NEW YORK — When Paul Ryan, the House speaker, rose to deliver the keynote address at the Al Smith charity dinner Thursday night, he immediately let it be known that he wouldn’t shy away from jokes about a president who doesn’t react well to jokes.
“Enough with the applause,” he told the annual white-tie gathering of New York’s political and Catholic elite, which raises money for needy children. “You sound like the Cabinet when Donald Trump walks into the room.”
With that, Ryan began a spirited 17-minute roast that included jokes about his home state of Wisconsin, the news media, Hillary Clinton’s election loss and Russian interference in the 2016 presidential election.
But his edgiest zingers were aimed at Trump, who just a year ago was himself a speaker at the dinner and who shocked the lighthearted gathering when his jibes about Clinton quickly turned more cruel than funny.
“The truth is the press misunderstands and never records the big accomplishments of the White House,” Ryan said, for a second agreeing with the president. “Look at all the jobs that the president has created. Just among the White House staff!”
“Every morning I wake up in my office and I scroll through Twitter to see which tweets I will have to pretend I didn’t see later on,” he added. “Every afternoon former Speaker John Boehner calls me up, not to give advice, just to laugh.”
Ryan’s address was the highlight of the event, officially the Alfred E. Smith Memorial Foundation Dinner, which raised $3.4 million for charity but which at times lacked the panache and elegance of past years. For the first time since 1945, the dinner was not held in the classic art deco ballroom of the Waldorf Astoria hotel, which is under renovation. Instead, it was a few blocks away at the less glamorous New York Hilton Midtown.
“We are going to try to get back there as quickly as we can,” Mary Callahan Erdoes, the new vice chairwoman of the foundation, told the more than 800 guests in a near-apology.
Also missing were the political jabs of Alfred E. Smith IV, the great-grandson of the dinner’s eponym, who stepped down as master of ceremonies after last year’s dinner after serving in that position for 35 years. This year’s host, actress Patricia Heaton, was unfailingly nice, which meant she was shocked by how aggressive some of the jibes from the dais were.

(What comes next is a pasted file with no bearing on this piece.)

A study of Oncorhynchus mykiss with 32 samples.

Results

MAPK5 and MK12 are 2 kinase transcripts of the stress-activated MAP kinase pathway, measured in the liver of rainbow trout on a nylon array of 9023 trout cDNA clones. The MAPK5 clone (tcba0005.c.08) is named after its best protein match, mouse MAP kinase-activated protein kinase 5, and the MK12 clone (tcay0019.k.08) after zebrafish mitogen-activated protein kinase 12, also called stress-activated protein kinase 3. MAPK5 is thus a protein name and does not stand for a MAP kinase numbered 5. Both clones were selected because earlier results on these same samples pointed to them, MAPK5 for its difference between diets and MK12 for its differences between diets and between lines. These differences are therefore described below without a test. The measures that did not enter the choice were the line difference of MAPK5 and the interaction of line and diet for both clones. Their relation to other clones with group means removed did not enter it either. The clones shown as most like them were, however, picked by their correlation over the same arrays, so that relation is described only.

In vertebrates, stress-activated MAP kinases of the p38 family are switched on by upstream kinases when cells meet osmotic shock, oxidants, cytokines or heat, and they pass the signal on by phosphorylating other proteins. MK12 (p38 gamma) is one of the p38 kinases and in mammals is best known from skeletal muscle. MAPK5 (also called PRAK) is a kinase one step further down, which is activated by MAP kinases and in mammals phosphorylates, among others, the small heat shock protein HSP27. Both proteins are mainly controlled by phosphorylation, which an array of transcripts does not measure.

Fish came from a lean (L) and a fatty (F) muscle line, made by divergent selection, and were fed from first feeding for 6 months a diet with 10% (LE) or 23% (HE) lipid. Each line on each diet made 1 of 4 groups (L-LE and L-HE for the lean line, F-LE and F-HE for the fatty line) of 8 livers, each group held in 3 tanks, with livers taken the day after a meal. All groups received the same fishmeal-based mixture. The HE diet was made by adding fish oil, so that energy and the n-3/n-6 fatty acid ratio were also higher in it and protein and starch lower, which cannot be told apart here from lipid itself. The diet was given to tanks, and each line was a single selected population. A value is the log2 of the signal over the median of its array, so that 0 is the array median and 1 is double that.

“I am from Ohio,” she explained. “We are all so nice to each other!”
The two U.S. senators from New York, Kirsten Gillibrand and Chuck Schumer, were missing from their seats on the 50-member dais, because they had a vote in Washington. But Mayor Bill de Blasio, Gov. Andrew Cuomo, and former mayors Michael Bloomberg and David Dinkins were there, along with numerous Catholic leaders and local dignitaries.
Bloomberg got a particularly warm round of applause when he was introduced. De Blasio, however, got repeated boos from a moneyed crowd that was not shy about identifying as Republican.
Cardinal Timothy Dolan, the archbishop of New York and a host of the event, and Ryan, a fellow Roman Catholic, go way back. By Dolan’s telling, they have been friends since 2002, when he became the archbishop of Milwaukee and Ryan was a representative from his Wisconsin district.
As a result, he has unfailingly spoken highly of Ryan over the years in public remarks, even when liberal Catholics have taken Ryan to task for supporting policies they feel would hurt the poor and vulnerable. Thursday night was no different, with Dolan calling Ryan’s virtue and sense of duty uplifting.
Outside the event, meanwhile, protesters made themselves known. About 50 denounced Ryan on the issue of immigration, criticizing him for failing to support the continuation of DACA, which shields undocumented immigrants who arrived as children from deportation. Another group of about 100 protesters marched by the hotel, chanting, “You build that wall, we’ll tear it down.”
Being Republican in a town not used to them was another theme in Ryan’s remarks, which were met with appreciative laughter. He joked about how amazing Heaton was, as a Republican in that most Democratic of elite worlds, Hollywood.
“Patricia Heaton is a Hollywood Republican, a Hollywood Republican,” he repeated. “That is an oxymoron, which clearly was the word that Rex Tillerson was searching for.”